The BBC is looking to kick out against the “crushing competition” of global SVOD services including Netflix and Amazon as it eyes a reboot of its aborted digital service Project Kangaroo and steps up its PR war against Silicon Valley.

It has emerged that the British public broadcaster is once again in talks with rival broadcasters including ITV and Channel 4, as well as Hollywood studio NBC Universal, to launch its own UK streaming service to fight back against the deep-pocketed digital players.

The move comes nearly ten years after Project Kangaroo, a planned video-on-demand between the broadcasters and the BBC’s commercial arm, was blocked by the British Competition Commission.

However, with Netflix now having over 8M subscribers in the country and Amazon Prime Video over 4M, and with the looming launch of Apple’s A-list original programming plans, the broadcasters are looking to bounce back.

This is merely the latest salvo in the BBC’s battle with its digital rivals.

BBC Director General Tony Hall has warned on a number of occasions that the broadcaster is struggling to compete on a global level. In March, shortly before the BBC admitted that young people are spending more time watching Netflix than all of its TV services each week, he said that it needed to “accelerate reform” as it faces a “David vs. Goliath” fight. He admitted that the BBC is “not the biggest kid on the block anymore.”

“We can see now, more clearly than ever, that the global media landscape is likely to be dominated by four, perhaps five, businesses on the West Coast of America,” he told staff.

The broadcaster has recently been sending some of its top programming execs out to echo these remarks. Last week, BBC Two boss Patrick Holland unveiled an ambitious slate of shows including dramas from Riz Ahmed and The Fall creator Allan Cubbit and documentaries from David Harewood and Vice Studios. He used the launch to take aim at the SVODs. “The titles I have talked about today could never have been commissioned alone by a Silicon Valley algorithm.  You can’t write code that replaces human insight. We commission based on passion, on gut feel, on public service purpose,” he said.

This is a perfectly reasonable argument, although one slightly undone by the fact that a number of its projects have been co-funded by Netflix. As part of the slate, the two companies are working together on Project Interiors (w/t), a competition format set in the world of interior design, and Hugo Blick’s drama Black Earth Rising, which stars John Goodman and Michaela Coel.

In fact, these are just the latest projects that the BBC and Netflix have partnered on; recent co-productions include Toni Collette’s Drama Republic-produced family drama Wanderlust, epic period drama Troy from Kudos and Derek Wax’s Wild Mercury, Carey Mulligan’s immigration cop drama Collateral, and Giri/Haji, from Jane Featherstone’s Sister Pictures.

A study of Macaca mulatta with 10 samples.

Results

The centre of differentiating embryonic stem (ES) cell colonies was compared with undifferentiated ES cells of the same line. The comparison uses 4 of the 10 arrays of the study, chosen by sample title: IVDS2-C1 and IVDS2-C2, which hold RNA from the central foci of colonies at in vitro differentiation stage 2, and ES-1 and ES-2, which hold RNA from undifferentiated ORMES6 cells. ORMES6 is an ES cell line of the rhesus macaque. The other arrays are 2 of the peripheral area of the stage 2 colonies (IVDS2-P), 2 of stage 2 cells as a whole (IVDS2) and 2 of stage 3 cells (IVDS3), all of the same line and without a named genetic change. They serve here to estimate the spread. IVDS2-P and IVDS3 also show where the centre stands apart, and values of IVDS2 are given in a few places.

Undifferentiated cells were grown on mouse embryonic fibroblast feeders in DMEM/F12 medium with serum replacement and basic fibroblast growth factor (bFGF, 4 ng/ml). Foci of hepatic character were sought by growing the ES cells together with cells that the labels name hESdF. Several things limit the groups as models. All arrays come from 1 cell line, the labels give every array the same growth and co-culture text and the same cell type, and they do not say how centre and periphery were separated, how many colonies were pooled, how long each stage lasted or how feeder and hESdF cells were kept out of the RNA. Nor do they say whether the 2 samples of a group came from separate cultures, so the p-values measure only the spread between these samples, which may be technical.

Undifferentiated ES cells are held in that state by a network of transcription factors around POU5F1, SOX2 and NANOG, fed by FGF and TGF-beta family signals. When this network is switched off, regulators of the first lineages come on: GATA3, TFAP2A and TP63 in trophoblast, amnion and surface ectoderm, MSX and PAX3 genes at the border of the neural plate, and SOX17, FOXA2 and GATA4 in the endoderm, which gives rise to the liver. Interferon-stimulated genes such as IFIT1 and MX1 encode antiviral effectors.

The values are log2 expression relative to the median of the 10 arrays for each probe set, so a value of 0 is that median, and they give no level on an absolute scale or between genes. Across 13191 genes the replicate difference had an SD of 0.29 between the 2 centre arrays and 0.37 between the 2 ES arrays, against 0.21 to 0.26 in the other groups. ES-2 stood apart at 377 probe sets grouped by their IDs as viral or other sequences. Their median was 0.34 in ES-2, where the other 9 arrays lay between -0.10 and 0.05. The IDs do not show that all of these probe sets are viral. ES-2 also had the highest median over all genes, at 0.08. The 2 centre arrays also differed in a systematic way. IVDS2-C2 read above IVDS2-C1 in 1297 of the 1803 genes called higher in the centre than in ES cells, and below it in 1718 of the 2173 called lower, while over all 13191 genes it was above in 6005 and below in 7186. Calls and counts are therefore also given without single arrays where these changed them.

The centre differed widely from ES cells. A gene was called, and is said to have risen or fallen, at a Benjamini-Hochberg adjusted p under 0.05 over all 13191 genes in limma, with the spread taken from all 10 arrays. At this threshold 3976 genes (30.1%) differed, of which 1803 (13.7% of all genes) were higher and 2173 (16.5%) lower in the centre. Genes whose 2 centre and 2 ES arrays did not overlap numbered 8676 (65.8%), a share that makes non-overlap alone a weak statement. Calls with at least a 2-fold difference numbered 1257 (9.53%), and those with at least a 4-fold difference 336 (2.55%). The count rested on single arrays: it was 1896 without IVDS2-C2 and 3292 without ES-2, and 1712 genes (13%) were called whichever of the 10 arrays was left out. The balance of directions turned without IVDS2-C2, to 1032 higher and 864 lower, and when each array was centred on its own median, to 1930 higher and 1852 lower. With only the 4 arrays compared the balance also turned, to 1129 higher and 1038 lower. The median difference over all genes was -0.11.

Former Kudos chief Featherstone used her BAFTA Television Lecture in October to warn that this co-production tap is likely to be turned off in the near future. “The SVOD’s are going to start ramping up commissioning of only fully owned original programs, meaning that they won’t need to co-produce any more. Why keep investing in shows where they don’t own the territory most likely to make that show a hit, it doesn’t make sense for them,” she said. “It’s already happening with The Crown and The Innocents, and I reckon we have a year or 18 months before the big FAANG players stop co-producing entirely, except maybe for very specific talent-driven content. With such deep pockets to reach into, why go through the hassle of sharing with traditional British broadcasters.”

It’s not just Netflix, the BBC is co-producing Michael Sheen and David Tennant’s Good Omens with Amazon and Jeff Bezos’ video arm has the first run to show the six-part series in the UK as well as the global rights.

The BBC argues that it is the creative originator of these projects, the incubator of ideas that also suit the SVODs’ global audiences. Which is fine, but by constantly bashing them, the BBC does risk alienating its partners and encouraging them to reach a bit deeper into their pockets to take all rights.

Earlier this year, one rumor doing the rounds was that Apple was looking to partner on Bad Wolf’s adaptation of Philip Pullman’s His Dark Materials. When the tech company realized that it would be putting in the majority of the multi-million-dollar budget and the BBC would be paying less than £1m, it’s understood to have wondered aloud whether it could also take UK rights, a dangerous thought for the public broadcaster.

Talent is another major worry: Following landmark deals with the likes of Ryan Murphy and Shonda Rhimes at Netflix and British writer and actor Sharon Horgan with Amazom, the concern is that Brits will follow suit.

Jeremy Paxman, host of BBC’s University Challenge and former Newsnight presenter, told the Financial Times this weekend: “It was testing enough when the BBC faced off in competition for viewers merely against ITV, a commercial channel that saw no crime in soap operas. Now it faces potentially crushing competition from American behemoths such as Netflix and Amazon, with apparently bottomless pockets.

“Could The Crown have been made by the BBC? Not unless you wanted a single horse to stand for the entire Household Cavalry and a State Coach made out of cardboard and sticky-back plastic.”

Whether it’s single horses or digital kangaroos, it’s clear that the BBC’s fight with Silicon Valley has only just begun.